When drawing a comparison to President Obama’s State of the Union Speech and California Governor Jerry Brown’s State of the State speech one thing rings hollow- substance. The president spoke to the nation for approximately an hour, while Brown chose a much shorter 13 paragraphs.
“When democratic ideals and calls for the right to vote are stirring the imagination of young people in Egypt and Tunisia and other parts of the world, we in California can’t say now is the time to block a vote of the people,” Brown told California lawmakers last night.
The country remains mired in an economic recession complete with compounding debt and stubborn unemployment. However, California’s problems are much more grave- double-digit joblessness coupled with a $25 billion deficit.
California’s newly elected Democratic Governor is pushing lawmakers to increase taxes as a solution to the Sacramento spending spree.
“My plan to rebuild California requires a vote of the people, and frankly, I believe it would be irresponsible to exclude the people from this process,” Brown explained. “They have a right to vote on this plan. This state belongs to all of us, not just those in this chamber. Given the unique nature of the crisis and the serious impact our decisions will have on millions of Californians, whether it’s more cuts, extend taxes, the voters deserve to be heard.”
Californians are no strangers to voting on ballot initiatives in fact, in the past 18 months there have been two tax increases proposed and both times they went down in flames. The state is already one of the highest-taxed states in the country, many Californians cannot afford higher taxes and judging by the recent polls they aren’t likely to change their minds about handing the state more money.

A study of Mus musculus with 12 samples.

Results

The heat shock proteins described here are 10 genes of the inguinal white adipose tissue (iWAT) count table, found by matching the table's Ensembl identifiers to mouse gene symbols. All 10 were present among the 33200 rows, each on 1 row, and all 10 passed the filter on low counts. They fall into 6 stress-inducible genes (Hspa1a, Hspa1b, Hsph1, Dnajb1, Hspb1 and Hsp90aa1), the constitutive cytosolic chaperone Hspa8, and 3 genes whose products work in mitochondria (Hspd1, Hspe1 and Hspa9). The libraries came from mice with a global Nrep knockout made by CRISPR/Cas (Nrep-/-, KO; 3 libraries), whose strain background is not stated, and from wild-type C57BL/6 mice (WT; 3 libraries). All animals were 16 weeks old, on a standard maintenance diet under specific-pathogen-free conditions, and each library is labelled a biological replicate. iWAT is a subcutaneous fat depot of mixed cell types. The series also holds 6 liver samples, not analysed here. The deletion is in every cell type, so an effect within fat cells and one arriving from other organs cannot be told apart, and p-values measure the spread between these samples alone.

The Governor has proposed $12.5 billion in budget cuts, an extension of current taxes and an historical realignment of government. This program requires a vote from residents in a special election before it could become effective, according to a statement released from Brown.
“My plan to rebuild California requires a vote of the people, and frankly I believe it would be irresponsible for us to exclude the people from this process,” he said. “They have a right to vote on this plan. This state belongs to all of us, not just those of us in this chamber.”
However, the short speech was missing a key component that is strangling California economically- illegal immigration. Conservative estimates put the Golden State’s yearly costs for illegal immigration at $20 billion per year in healthcare, food stamps and other welfare programs. Yet the governor failed to utter a phrase about this very real problem.
The Republican response to the Governor’s speech was clear- no more taxes.
“The people have made it clear; they don’t want to pay higher taxes. Voters have rejected every tax increase on the last two statewide ballots. It’s time for Sacramento to finally to listen to the people,” Assembly Republican leader Connie Conway said. “Republicans stand united as the only line of defense for California taxpayers. We believe the best solution to help close our deficit is not by raising taxes, but by creating private sector jobs. That is done by lifting regulations and by reducing frivolous lawsuits. We must also rein in soaring public pension costs and make government programs run more cost-effectively.”
Other leaders in California echoed similar responses to what ails the state and how to fix its mounting deficit problems.
“Instead of raising taxes, the Governor should issue an executive order immediately freezing all new taxes, fees and regulations that hurt jobs,” said George Runner from the State Board of Equalization.
“The Governor can talk about jobs all he wants, but it’s the private sector—not the government—that actually creates jobs. And right now California’s job creators have a severe hernia from trying to lift a mountain of new taxes, fees and regulations imposed on them during this economic downturn,” he finished.